Concern as Vietnamese Dissident, Wife Expelled by Germany And Returned to Vietnam


2019-03-29

Nhan and his wife were expelled from Germany on March 26 after a raid on their residence by German police, who took them to the airport, daughter Nguyen Quang Hong An, told RFA on March 27.

“A group of about six or seven police came in, then more than 10 policemen came, and said nothing except we have to leave. I tried my best to ask them why, and they said there was an order to expel my father back to Vietnam and asked my parents to leave immediately,” said An by telephone from Germany.

“I did not understand why it was so, and I asked them where the decision was from. They showed me a paper but in such a quick manner that I could not read anything,” she said.

“My father was very shocked. He had wanted to contact Canada but could not, and the police kept shouting so he could not do anything. My father collapsed in shock,” said An.

“He has a number of ailments, so I asked them to let him see the doctor and get medication. They promised me they would help, but they took my parents directly to Munich, and put them on the plane,” she added.

An said she went to police headquarters and the immigration department in Nuremburg to ask for information, and learned that her parents had been handed over to the Vietnamese police in Hanoi.

“I contacted my father in Vietnam, and he said that the police had interrogated him, and he became very low-spirited. After that, wherever they took my father to, I don't know,” she told RFA. 

The German Federal Immigration Service refused to answer questions from RFA about the case of Nhan and his wife, citing an obligation to protect personal information during the asylum procedure.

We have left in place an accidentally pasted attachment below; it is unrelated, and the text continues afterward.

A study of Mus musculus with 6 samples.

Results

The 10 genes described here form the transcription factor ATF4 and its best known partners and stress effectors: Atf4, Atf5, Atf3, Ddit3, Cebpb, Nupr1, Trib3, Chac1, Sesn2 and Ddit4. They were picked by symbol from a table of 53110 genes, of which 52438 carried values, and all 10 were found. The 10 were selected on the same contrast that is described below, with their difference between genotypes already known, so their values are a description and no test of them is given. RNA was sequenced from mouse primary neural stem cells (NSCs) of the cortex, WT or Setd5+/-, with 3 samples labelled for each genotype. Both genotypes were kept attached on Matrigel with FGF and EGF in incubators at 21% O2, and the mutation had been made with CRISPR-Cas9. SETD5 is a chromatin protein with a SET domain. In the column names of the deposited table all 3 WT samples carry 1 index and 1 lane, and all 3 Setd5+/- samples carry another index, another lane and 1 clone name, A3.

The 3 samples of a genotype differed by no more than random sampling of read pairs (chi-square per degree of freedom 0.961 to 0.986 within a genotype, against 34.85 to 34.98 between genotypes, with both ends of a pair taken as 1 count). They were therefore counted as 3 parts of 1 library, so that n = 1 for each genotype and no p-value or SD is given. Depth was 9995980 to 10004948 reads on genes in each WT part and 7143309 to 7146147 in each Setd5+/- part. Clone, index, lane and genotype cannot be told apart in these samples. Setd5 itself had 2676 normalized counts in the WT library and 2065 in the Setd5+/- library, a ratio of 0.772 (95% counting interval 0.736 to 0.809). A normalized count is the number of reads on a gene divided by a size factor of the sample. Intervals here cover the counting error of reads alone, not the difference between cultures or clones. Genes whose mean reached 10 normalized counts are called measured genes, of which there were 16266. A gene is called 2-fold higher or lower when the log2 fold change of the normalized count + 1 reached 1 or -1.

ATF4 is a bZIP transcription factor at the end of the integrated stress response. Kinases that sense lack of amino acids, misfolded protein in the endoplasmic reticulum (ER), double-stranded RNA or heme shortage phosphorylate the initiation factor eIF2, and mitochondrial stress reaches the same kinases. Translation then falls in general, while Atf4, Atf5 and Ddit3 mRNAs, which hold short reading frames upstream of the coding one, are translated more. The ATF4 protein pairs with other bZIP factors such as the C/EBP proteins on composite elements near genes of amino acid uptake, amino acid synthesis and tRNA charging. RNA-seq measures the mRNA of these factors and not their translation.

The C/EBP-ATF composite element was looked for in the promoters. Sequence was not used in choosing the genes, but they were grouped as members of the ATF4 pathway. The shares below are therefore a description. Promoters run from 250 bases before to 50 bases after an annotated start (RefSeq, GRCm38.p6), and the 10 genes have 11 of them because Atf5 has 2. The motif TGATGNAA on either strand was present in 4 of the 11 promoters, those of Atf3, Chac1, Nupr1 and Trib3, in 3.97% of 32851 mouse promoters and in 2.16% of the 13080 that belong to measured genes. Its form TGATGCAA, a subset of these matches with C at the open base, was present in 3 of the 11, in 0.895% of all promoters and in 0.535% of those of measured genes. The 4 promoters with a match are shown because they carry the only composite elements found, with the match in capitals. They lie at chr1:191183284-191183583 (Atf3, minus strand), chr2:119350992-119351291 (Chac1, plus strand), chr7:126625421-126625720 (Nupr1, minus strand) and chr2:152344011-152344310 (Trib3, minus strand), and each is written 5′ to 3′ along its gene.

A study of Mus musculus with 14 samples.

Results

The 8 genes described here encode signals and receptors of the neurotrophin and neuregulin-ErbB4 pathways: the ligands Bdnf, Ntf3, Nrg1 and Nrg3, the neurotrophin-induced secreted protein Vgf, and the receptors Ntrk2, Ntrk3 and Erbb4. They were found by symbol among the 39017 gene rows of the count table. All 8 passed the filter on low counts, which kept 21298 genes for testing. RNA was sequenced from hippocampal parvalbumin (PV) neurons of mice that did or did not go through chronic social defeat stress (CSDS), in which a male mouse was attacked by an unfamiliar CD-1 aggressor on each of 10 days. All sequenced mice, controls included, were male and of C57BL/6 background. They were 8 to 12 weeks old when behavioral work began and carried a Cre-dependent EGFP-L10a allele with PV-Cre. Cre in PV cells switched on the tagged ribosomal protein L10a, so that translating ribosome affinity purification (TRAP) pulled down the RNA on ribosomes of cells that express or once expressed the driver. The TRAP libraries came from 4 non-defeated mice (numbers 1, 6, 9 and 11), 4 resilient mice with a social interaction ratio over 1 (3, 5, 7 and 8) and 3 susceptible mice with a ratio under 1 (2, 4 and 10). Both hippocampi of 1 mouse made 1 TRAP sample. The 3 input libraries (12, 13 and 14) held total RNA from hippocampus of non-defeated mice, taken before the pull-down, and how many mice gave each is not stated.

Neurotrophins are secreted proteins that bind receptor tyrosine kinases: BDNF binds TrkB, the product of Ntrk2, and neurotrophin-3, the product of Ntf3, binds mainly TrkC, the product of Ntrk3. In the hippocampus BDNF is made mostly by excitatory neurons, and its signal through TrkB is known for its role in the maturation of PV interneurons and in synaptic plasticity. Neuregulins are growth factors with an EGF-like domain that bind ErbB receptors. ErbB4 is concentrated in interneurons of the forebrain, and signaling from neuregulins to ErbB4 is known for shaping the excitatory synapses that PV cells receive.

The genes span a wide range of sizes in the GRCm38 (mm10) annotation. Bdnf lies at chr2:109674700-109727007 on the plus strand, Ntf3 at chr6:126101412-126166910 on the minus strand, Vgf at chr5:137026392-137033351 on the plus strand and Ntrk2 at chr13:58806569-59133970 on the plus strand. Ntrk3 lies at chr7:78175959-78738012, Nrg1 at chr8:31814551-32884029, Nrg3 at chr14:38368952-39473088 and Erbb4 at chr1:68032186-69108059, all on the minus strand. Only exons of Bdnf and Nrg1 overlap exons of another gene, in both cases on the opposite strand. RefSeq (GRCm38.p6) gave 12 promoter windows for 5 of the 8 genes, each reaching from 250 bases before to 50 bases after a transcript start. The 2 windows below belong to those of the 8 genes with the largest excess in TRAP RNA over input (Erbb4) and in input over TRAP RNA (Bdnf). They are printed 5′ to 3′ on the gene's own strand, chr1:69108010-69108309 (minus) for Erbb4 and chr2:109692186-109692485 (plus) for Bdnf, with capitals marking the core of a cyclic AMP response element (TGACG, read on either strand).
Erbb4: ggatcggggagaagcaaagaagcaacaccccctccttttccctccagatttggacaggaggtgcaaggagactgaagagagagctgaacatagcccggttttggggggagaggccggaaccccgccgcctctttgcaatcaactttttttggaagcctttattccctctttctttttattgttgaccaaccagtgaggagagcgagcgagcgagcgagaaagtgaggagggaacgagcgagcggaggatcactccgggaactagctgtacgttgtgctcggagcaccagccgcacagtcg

RFA called the Vietnamese Embassy in Germany but was unable to get through.

Nhan and his family came to Germany in 2015 and asked for refugee status. Nhan applied for asylum in Canada at Ottawa’s embassy in Austria.

However, his family’s application for documents to travel to Vienna to be interviewed by Canadian officials was rejected several days before police came to deport Nhan and his wife.

Nhan is a human rights activist who was imprisoned by the Vietnamese government. In 1979, he was charged in Vietnamese courts with "propaganda against the revolution" and “organizing to send students and students abroad.”

The repatriation of Nhan and his wife comes amid an increasingly severe crackdown on journalists, bloggers, and human rights activists by Vietnam’s one-party communist government.

Nguyen Kim Binh of the Vietnam Human Rights Network said in December that Vietnam was detaining more than 200 political prisoners—surpassing figures tallied by Western human rights NGOs.

Reported by RFA’s Vietnamese Service. Translated by An Ngyen. Written in English by Paul Eckert.